Severa Jaca and Proceso Rasalan were charged before the lower court of Tayabas for
feloniously putting to death a 3-day old child whom Severa Jaca had given birth to.

Two eyewitnesses, Aurea Zabella and Agapita Navaja, both of them related to the
appellant, the first by consanguinity and the second by affinity, testify that Proceso
Rasalan wrapped up the baby in a cloth which asphyxiated it—resulting in its death.
Tomas Jaca, the appellant's father-in- law, testified that when the latter handed to
him the corpse of the newly-born child in order that he might secretly throw it into
the river, Proceso Rasalan revealed to him that he had killed it in order to conceal
the dishonor of Severa Jaca, which cast a reflection upon them, for Severa was the
witness Tomas' daughter, and the defendant's sister-in-law.

Even though the evidence for the prosecution pointed to Proceso Rasalan as the
offender, Margarita Jaca, the latter's wife, affirmed that it was Aurea Zabella, the
midwife who attended Severa Jaca in her delivery, who caused the death of the child.
However, this accusation of Margarita Jaca against Aurea Zabella was not supported
by the evidence of record. The appellant himself did not blame Aurea for the death
of the infant, for he assured in his testimony that he had only heard the child cry
once, and when Aurea Zabella, who was assisting the woman in labor, went to attend
to the babe, she found it already dead. Also, The defendant questioned the veracity
of the three witnesses, especially of the two last, Agapita Navaja and Tomas Jaca,
alleging that they had a grievance against him and his family.

The Court of First Instance of Tayabas acquitted Severa Jaca, but convicted Proceso
Rasalan of the crime charged and sentenced him to life imprisonment, the accessories
of the law, to indemnify the heirs of the deceased, in the sum of P1,000, and one-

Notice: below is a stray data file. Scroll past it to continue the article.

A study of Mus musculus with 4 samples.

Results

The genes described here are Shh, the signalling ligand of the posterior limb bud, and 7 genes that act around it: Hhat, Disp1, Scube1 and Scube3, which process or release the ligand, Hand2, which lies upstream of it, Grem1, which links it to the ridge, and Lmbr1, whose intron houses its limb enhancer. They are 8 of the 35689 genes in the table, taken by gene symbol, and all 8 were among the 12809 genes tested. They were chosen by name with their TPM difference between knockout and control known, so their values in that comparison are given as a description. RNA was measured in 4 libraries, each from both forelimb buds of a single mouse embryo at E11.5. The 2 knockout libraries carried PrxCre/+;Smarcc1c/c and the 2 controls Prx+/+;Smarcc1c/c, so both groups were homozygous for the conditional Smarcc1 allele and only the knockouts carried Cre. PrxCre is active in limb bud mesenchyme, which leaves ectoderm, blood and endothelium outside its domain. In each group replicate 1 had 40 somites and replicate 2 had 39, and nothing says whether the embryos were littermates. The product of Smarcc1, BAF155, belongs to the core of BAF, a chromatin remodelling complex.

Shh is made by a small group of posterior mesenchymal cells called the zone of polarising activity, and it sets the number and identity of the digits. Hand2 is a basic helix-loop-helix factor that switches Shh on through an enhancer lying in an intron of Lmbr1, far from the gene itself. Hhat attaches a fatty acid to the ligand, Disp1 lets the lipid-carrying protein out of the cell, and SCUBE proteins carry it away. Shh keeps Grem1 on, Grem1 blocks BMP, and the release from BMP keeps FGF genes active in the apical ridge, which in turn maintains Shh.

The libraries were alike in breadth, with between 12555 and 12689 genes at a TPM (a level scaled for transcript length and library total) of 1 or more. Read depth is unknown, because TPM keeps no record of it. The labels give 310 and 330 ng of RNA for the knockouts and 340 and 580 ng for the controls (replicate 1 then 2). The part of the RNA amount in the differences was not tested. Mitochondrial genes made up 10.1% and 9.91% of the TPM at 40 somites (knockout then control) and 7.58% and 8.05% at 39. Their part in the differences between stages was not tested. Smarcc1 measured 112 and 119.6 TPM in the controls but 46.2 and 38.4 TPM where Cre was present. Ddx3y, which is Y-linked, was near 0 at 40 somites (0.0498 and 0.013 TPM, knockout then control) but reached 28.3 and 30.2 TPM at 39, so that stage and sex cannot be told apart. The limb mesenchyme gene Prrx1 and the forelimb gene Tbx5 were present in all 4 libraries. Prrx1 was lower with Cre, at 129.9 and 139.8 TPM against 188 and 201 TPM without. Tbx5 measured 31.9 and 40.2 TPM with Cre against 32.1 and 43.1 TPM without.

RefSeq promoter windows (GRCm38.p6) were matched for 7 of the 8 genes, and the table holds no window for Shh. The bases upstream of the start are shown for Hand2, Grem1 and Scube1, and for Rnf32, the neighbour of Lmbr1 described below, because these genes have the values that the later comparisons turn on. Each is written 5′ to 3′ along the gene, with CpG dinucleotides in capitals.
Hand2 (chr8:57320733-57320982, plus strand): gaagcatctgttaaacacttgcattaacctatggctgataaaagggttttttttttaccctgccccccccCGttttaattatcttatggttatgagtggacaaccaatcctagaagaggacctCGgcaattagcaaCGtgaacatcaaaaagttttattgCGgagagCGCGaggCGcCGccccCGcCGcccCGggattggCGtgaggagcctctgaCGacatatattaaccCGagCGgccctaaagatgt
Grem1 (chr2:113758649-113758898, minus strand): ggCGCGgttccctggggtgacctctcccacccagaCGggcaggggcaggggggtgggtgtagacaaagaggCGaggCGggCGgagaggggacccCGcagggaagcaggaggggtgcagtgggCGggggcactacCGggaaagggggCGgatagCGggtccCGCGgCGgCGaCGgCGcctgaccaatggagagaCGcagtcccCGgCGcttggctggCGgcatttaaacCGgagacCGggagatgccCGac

half the costs.

Proceso Rasalan appealed from the sentence, making the following assignments of

1. In basing the judgment upon the testimony of the witnesses for the
prosecution, namely Aurea Zabella, Agapita Navaja, and Tomas Jaca.
2. In finding the appellant guilty beyond a reasonable doubt.
3. In admitting as evidence against the appellant, Exhibit C of the prosecution,
being the defendant's alleged confession.
4. In sentencing the accused.

Whether or not the lower court erred in finding the accused guilty of the crime


NO, the lower court did not err in finding the accused guilty of the crime of

The Supreme Court had held that it has been established in the record that the crime
charged was committed, and that the defendant committed it. The infant really died,
through asphyxiation, was amply shown by the testimony of Doctor Potenciano, who
examined the exhumed corpse, thus corroborating the other witnesses for the
prosecution. They gave credit to the witnesses for the prosecution because the
grievance that the defendants claimed the witnesses of the prosecution had towards
the accused was not sufficient to make the witnesses tell a falsehood in accusing their
own relative of so serious crime.

Inasmuch as the accused was not an ascendant of the dead child, he incurred,
according to the law (art. 409, par. 3, Penal Code) the penalty for murder and was
guilty of the crime charged. The appealed decision was affirmed.